The election of Abraham Lincoln in 1860 was the final straw in a decades-old buildup of ever-widening tension between the Southern states and the North over the institution of slavery. Though Lincoln was hardly the most radical candidate that the abolition-leaning Republican party could have nominated, not one Southern state voted for him. Those with power in the South loathed him as the man they feared would end slavery.
The United States, still a new nation and a great experiment, had tried desperately to stay united despite the growing and severe polarization over slavery. The more harshly the North condemned slavery as immoral and called for its immediate end, the more firmly the Southerners dug in. By the time 1860 rolled around, the South had moved from understanding slavery as a "necessary evil" to promoting it as a positive good that was better for the Black slaves than freedom.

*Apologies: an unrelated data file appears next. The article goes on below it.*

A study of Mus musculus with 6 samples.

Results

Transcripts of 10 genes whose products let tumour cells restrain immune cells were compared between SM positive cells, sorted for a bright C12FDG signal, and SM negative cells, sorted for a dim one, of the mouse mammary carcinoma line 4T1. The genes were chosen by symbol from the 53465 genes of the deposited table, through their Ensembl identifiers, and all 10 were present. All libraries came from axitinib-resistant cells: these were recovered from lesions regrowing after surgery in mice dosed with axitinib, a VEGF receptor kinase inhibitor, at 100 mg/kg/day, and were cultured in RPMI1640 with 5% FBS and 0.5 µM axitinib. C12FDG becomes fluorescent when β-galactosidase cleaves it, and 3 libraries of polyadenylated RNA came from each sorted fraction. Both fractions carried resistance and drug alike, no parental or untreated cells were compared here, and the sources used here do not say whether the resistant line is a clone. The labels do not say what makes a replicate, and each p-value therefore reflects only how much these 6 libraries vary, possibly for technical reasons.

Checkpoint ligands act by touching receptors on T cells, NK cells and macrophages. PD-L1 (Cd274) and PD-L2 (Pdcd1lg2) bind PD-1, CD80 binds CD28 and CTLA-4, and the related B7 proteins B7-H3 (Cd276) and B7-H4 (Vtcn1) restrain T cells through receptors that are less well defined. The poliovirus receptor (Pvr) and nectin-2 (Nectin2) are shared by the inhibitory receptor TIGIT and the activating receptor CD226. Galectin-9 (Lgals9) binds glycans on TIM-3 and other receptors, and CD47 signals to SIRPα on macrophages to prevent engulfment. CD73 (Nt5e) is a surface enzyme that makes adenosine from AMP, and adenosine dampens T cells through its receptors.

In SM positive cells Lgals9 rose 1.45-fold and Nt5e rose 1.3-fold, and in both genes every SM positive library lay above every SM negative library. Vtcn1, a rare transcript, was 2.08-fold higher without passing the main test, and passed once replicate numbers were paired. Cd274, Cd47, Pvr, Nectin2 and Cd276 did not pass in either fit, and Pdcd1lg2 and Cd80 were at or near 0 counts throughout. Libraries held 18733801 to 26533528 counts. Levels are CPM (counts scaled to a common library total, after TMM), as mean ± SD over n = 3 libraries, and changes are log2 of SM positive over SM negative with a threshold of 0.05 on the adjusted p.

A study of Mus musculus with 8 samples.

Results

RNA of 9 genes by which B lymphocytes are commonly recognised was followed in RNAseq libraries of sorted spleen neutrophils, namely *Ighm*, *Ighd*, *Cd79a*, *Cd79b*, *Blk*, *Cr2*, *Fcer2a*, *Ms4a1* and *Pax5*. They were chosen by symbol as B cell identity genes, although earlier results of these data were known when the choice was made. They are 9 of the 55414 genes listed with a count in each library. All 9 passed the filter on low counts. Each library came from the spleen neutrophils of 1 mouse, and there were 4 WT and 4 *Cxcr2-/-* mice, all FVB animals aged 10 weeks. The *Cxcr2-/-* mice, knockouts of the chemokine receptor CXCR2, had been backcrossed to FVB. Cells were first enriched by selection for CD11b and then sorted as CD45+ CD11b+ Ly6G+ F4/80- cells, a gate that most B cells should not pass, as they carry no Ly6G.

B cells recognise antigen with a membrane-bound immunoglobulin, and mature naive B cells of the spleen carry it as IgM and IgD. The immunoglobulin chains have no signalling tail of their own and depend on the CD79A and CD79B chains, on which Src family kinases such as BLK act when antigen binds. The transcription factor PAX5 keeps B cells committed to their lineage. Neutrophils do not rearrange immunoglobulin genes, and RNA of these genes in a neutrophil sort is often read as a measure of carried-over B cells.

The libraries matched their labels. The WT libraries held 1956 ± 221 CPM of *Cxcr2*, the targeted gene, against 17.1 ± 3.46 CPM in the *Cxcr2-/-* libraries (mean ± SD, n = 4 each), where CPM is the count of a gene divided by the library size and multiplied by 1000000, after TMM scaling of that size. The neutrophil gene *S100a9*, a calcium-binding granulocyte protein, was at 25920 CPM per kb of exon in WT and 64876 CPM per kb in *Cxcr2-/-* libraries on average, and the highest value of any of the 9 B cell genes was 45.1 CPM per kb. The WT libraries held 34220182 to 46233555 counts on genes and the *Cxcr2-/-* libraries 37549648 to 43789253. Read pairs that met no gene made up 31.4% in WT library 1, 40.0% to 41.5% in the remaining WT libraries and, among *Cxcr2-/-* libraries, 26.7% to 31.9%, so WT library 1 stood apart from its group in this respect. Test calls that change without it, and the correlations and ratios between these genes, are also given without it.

The two ideological poles, made impossible to reconcile largely due to the extremism and delusion thinking of the South, had grown so large by 1860 that there simply was no way to bridge the gap. The country could no longer keep up the pretense that it could both simultaneously support and condemn slavery and somehow make this situation work.
Lincoln's election signaled the end to attempts at compromise. His win was more or less a foregone conclusion, as the Democratic Party had split and run more than one candidate, almost guaranteeing Lincoln the presidency. His election acted as a symbolic rallying point around which the Southern plantation owners could justify the split they already had decided was coming.